The California Department of Transportation advises motorists to be extra cautious this year-end holiday season as a record 7.7 million Southern Californians are expected to travel on state highways in and out of Los Angeles and Ventura counties.
Caltrans’ number one goal is safety and health. As we head into the busy travel season, we urge motorists to drive carefully to ensure the safety of yourself and others — pack your patience.
“Holiday gatherings are best remembered when loved ones arrive safely, not necessarily on time,” said District 7 Director John Bulinski. “Motorists can expect delays because of above-normal traffic on major highway corridors. Plan on it — allow extra time and consider traveling during off-peak periods and consider alternate routes.”
In anticipation of crowded roadways, Caltrans has posted this message on 30 key message
signs in the region: “HOLIDAY TRAFFIC DEC. 20-24 EXPECT DELAYS.”
To help reduce traffic congestion, Caltrans has taken several steps for weekends prior to Dec. 25 and Jan. 1, including accelerating pavement rehabilitation work on the #3 northbound lane on Interstate 5 in Castaic. The lane will reopen by Friday, Dec. 21, to make all four northbound lanes available.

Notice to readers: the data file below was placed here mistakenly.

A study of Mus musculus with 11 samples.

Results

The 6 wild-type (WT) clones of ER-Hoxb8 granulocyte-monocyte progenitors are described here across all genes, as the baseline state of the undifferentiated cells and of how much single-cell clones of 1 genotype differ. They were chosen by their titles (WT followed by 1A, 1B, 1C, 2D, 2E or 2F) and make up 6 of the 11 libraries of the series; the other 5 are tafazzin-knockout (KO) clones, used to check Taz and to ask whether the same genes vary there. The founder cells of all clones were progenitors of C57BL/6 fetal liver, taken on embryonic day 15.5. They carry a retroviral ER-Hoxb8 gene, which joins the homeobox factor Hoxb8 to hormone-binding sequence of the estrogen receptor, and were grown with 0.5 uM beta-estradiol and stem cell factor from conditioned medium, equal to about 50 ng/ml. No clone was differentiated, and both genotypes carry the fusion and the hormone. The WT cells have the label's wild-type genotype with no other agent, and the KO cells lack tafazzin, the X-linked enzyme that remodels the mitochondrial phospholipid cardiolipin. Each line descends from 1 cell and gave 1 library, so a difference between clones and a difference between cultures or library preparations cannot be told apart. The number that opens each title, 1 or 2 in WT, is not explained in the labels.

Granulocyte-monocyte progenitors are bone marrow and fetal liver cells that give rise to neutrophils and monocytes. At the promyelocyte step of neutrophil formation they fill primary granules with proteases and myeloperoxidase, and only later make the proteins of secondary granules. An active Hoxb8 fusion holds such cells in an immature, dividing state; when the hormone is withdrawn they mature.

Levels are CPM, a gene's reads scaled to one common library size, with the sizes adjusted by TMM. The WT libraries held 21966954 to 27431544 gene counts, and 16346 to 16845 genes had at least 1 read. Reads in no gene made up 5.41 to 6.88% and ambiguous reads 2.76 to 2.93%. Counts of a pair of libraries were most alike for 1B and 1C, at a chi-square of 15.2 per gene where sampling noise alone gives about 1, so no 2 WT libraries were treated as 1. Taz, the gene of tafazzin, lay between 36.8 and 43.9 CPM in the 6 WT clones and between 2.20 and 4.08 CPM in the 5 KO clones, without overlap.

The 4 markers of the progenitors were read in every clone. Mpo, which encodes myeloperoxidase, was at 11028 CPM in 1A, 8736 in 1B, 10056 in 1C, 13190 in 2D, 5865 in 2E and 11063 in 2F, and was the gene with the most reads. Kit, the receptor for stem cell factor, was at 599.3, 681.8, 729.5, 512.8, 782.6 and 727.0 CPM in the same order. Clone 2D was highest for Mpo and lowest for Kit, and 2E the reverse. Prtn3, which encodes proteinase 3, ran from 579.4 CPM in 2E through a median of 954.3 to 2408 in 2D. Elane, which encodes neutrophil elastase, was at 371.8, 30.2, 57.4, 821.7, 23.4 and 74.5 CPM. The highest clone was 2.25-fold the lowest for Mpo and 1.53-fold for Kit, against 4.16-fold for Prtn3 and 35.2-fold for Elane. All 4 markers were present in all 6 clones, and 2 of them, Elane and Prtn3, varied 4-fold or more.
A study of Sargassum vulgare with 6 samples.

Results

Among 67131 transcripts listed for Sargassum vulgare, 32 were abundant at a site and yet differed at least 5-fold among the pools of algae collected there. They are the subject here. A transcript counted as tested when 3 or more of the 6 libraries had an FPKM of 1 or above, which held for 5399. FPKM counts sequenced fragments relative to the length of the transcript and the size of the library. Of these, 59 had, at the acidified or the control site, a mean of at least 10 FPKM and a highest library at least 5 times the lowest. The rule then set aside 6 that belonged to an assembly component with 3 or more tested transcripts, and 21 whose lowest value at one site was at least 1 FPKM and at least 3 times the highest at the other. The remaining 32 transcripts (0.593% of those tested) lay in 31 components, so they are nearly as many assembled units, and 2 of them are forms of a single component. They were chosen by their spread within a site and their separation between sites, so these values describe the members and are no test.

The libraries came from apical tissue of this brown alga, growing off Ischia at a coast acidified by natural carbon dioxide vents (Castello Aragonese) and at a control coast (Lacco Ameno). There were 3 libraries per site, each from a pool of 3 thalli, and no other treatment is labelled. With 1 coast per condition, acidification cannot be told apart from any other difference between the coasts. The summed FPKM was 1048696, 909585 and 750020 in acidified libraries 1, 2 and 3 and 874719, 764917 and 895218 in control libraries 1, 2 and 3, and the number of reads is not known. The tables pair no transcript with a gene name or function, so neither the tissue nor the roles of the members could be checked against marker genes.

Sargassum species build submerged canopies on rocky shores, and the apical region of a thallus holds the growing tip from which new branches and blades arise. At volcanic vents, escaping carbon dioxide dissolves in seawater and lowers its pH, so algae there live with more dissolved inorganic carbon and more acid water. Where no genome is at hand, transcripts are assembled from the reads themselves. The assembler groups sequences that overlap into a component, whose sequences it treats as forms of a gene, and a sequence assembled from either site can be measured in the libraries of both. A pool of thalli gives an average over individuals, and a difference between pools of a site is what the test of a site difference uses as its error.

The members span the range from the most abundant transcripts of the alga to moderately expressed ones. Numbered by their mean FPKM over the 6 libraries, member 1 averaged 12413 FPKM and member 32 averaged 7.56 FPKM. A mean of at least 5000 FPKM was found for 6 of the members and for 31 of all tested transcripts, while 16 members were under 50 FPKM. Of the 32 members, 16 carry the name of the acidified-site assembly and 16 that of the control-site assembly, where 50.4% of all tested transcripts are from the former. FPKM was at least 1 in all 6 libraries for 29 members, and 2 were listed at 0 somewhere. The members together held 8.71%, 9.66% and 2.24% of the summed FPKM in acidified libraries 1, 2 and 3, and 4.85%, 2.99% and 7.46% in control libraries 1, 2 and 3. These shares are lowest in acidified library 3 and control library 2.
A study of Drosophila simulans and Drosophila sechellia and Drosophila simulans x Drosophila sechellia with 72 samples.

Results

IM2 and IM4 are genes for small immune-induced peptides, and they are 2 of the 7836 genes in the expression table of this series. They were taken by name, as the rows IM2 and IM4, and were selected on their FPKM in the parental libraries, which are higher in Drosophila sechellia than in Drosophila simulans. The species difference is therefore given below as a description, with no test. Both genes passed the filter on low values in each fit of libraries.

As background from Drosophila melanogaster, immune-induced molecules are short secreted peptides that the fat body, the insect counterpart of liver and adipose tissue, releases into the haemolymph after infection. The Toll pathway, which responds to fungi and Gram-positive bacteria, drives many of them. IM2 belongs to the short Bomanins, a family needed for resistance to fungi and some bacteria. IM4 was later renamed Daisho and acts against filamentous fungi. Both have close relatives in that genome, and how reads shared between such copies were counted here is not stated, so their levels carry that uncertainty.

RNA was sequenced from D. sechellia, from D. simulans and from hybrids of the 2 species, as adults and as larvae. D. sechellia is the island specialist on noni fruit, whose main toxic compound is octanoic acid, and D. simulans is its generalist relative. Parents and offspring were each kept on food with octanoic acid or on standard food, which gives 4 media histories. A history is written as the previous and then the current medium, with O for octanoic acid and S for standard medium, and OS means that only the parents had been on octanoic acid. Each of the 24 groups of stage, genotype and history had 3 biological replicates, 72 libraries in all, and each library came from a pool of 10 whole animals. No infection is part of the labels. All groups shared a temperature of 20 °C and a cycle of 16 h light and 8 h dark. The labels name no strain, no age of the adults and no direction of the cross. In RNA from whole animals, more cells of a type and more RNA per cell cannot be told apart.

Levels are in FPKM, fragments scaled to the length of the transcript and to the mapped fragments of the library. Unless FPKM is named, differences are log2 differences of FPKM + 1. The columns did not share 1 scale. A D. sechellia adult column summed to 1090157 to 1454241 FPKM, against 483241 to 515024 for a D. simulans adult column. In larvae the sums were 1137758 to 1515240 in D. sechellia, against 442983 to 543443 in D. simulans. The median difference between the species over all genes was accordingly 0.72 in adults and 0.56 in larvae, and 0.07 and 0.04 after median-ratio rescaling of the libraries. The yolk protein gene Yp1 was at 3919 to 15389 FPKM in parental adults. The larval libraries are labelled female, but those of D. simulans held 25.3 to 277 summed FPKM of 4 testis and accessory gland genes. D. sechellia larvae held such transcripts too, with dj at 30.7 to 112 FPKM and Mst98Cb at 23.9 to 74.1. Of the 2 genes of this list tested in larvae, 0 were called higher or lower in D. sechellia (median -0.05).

The department also has imposed a holiday construction moratorium on all planned activities that may create delays for motorists, with a few exceptions such as emergency work due to damage related to the recent Woolsey and Hill fires. Sections of Decker Road, State Route 23, remain closed because of mudslide damage. All work will be suspended on a few days just before the holidays. The goal is to maintain safe roadways and protect the public.
In case of emergencies, Caltrans and the California Highway Patrol will close lanes or highways for the protection of the public.
Caltrans will be working closely with our media partners to ensure accurate information is available and tweeting updates under @CaltransDist7.
Before you hit the road, plan ahead by checking Caltrans’ Quickmap, http://quickmap.dot.ca.gov/, or call 511 for real-time road conditions.
On average, motorists travel 111 million vehicle miles per day on freeways in District 7. Combining commuter, tourist and holiday travel, historical data suggests our highways could see at least double that amount on Thursday afternoon, according to transportation analysis by INRIX.
Motorists should prepare their vehicles for ex, ended periods on the road by checking their batteries, tires, headlights and fluids, as well as pack water, food, a flashlight and a first-aid kit.
“In the Golden State alone, AAA anticipates coming to the roadside rescue of 218,000 stranded drivers during the 11-day holiday travel period,” said Doug Shupe, manager of corporate communications and programs for the Automobile Club of Southern California. “And we will rescue 960,000 nationwide. The primary reasons why people will call AAA will be for flat tires, dead batteries and after getting locked outside of their vehicles.”